Do you ever wonder how we can conquer the Middle East but can't close our own borders?
In the news just this past week was this small sampling of headlines: "Locals, Feds Prepare for Any Escalation of Mexican Border Violence"; "(New Mexico) delegation asks for border task force"; "Texas lawmakers angered by border security money being spent in other regions"; "U.S. Sues Railroad Over Smugglers"; "Border drain open for hours before 8 entered it."
More than 7,000 lives have been lost in Mexico's drug wars in just the past 14 months. Nine in 10 guns recovered from those crime scenes have come from the United States. Border towns are experiencing outrageous escalations in crime, including more than 300 drug-related kidnappings in Phoenix alone in 2008. (Most involved Mexican immigrants with ties to drug cartels.)
Isn't it time we finally built a wall that works? Isn't it time for us to quit restricting our border agents by granting illegals more rights than our citizens? Isn't it time we post military personnel at particularly hot illegal crossings?
Instead of shifting tens of millions of dollars from investigating employers guilty of hiring illegal immigrants to fighting Mexican drug cartels, the Obama administration should leave that money alone and hunt down the $100 million-plus that AIG executives robbed from taxpayers for their bonuses.
We don't need a government study on Mexican border safety conducted by newly installed Homeland Security Secretary Janet Napolitano. We need action now!
Congress authorized a border fence in 2005. That was four long years ago, for anyone bad at basic math. It approved $2.6 billion for border enhancement, but we still have illegals and contraband crossing our borders like gnats through a screen.
I opposed the amnesty bill introduced in the Senate in 2007. But I supported Congress' roughly $3 billion directed to building up border security -- money used to train and deploy 23,000 more agents, build 700 miles of fence and 300 miles of vehicle barriers, add four drone airplanes, and erect 105 radar and camera towers.
Homeland Security has made some headway in securing our borders. But our nation's boundaries, ports and airports remain largely open runways for illegal and terrorist transport. Sen. Jeff Bingaman of New Mexico reminded his constituents of that very fact when he described another type of illegal crossing: people going from the United States to Mexico. It appears drug cartels are again using revenue derived from their "free trade" to purchase weapons illegally in the United States and smuggle them back into Mexico. As a result, murder rates have shot up more than 100 percent in certain towns.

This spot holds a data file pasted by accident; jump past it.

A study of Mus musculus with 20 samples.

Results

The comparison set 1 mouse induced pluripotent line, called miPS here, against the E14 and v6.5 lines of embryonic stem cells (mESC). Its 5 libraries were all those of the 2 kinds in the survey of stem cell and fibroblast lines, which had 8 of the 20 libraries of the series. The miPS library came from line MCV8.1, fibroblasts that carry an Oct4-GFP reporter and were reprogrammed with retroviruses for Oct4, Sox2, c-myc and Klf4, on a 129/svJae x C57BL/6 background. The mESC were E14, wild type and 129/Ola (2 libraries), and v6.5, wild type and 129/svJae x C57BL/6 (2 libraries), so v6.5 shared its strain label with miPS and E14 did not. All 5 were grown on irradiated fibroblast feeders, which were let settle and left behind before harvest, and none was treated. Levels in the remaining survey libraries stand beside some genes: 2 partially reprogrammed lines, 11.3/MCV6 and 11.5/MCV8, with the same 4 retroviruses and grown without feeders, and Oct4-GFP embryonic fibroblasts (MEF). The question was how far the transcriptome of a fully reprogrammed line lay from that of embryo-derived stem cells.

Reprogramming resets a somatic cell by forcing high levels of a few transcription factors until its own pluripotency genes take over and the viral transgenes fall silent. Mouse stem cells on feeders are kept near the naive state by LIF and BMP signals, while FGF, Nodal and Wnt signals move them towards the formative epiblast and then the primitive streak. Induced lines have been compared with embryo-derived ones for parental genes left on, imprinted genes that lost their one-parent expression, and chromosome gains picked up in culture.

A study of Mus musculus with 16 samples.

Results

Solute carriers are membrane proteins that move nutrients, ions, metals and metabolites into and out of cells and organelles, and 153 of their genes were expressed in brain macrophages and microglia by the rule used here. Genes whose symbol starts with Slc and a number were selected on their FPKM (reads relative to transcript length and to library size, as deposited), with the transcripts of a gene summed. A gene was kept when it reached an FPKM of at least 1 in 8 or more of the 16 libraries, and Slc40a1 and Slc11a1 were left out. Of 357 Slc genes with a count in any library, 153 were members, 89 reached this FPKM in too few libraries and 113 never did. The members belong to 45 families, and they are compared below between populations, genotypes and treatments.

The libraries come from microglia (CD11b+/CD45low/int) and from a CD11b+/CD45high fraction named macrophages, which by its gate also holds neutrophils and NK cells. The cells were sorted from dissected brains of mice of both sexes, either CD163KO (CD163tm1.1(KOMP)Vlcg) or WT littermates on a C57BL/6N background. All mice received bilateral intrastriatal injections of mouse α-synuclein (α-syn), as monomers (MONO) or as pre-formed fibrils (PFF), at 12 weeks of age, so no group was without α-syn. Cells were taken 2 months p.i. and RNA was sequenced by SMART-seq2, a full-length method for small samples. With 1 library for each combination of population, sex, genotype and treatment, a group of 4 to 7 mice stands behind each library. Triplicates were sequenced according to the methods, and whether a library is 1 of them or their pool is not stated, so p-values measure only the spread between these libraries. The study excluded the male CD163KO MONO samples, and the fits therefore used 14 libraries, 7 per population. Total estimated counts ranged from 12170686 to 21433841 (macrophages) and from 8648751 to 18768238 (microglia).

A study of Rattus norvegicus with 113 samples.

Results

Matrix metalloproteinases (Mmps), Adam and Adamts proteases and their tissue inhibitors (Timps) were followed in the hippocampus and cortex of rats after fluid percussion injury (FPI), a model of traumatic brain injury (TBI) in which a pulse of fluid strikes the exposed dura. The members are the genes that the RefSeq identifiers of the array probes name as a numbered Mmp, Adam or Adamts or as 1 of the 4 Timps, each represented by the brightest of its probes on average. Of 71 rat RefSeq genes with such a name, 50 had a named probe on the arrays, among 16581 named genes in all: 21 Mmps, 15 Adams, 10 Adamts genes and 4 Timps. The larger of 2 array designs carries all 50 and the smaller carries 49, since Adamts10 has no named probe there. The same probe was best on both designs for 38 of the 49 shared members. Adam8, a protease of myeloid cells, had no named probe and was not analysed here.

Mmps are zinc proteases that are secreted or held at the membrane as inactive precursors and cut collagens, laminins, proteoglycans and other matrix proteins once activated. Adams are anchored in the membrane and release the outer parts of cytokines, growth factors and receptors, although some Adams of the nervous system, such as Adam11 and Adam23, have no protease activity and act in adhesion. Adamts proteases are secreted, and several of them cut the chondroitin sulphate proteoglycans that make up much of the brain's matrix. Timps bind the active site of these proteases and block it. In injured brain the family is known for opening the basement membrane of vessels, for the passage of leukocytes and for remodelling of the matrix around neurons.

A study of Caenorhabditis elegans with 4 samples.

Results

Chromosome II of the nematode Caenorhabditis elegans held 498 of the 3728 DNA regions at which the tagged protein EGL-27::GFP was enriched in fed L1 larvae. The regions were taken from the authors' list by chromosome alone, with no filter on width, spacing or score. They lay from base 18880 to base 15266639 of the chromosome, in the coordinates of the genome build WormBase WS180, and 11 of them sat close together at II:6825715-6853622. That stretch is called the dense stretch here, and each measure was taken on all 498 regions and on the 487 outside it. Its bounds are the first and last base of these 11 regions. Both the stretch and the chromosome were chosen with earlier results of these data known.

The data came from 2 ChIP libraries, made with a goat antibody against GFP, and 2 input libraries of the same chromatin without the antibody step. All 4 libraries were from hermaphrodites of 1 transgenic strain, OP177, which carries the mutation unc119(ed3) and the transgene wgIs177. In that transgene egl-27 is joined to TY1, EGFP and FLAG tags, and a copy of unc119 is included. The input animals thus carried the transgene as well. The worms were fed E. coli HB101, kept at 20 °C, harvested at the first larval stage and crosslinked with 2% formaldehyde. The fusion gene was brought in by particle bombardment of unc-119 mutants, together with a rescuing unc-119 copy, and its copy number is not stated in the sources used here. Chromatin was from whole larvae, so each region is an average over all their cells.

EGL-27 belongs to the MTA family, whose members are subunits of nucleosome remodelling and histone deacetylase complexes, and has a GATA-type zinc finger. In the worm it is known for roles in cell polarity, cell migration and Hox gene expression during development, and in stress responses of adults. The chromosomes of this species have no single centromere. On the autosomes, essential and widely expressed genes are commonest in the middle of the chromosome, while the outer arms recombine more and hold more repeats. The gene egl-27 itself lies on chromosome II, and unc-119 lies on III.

Exacerbating the border crisis is the fact that there continues to be a shortage of Border Patrol agents and other government security officials. The Homeland Security Department still is trying to fill the 138 vacancies in high-level jobs it had in 2007 -- an employment crisis that it calls "a critical homeland security issue that demands immediate attention." And that crisis will continue until we increase the pay and benefits for border agents. I believe this so strongly that I have done public service announcements encouraging their enlisting.
I was reminded of their need for a salary increase when I was on the campaign trail with Mike Huckabee. We stopped in Laredo, Texas, and met with the Border Patrol. They gave us a tour of the area and explained to us what their operations were there. One of the Border Patrol agents and I struck up a conversation. As we were talking, I asked him whether his pay as a Border Patrol agent is adequate. He said that in certain states he gets by, but while stationed in California, he had to split rent with two other agents in order to afford the cost of living. I didn't ask how much his salary was, but I always have felt that law enforcement officials from every branch are underpaid for the responsibility they have in protecting us. If we expect to attract and maintain quality personnel, then state and federal governments need to work together to make being a border agent more financially appealing.
And the question that keeps coming back to my mind is this: How is it that we can militarily overthrow a tyrant, such as Saddam Hussein in Iraq, yet we can't keep illegals from crossing our borders? As Mike Huckabee says, "If the government can't track illegals, then let's outsource the job to UPS or FedEx." It's true. If they can track lost packages anywhere in the world within minutes, they certainly can track down and keep track of illegals.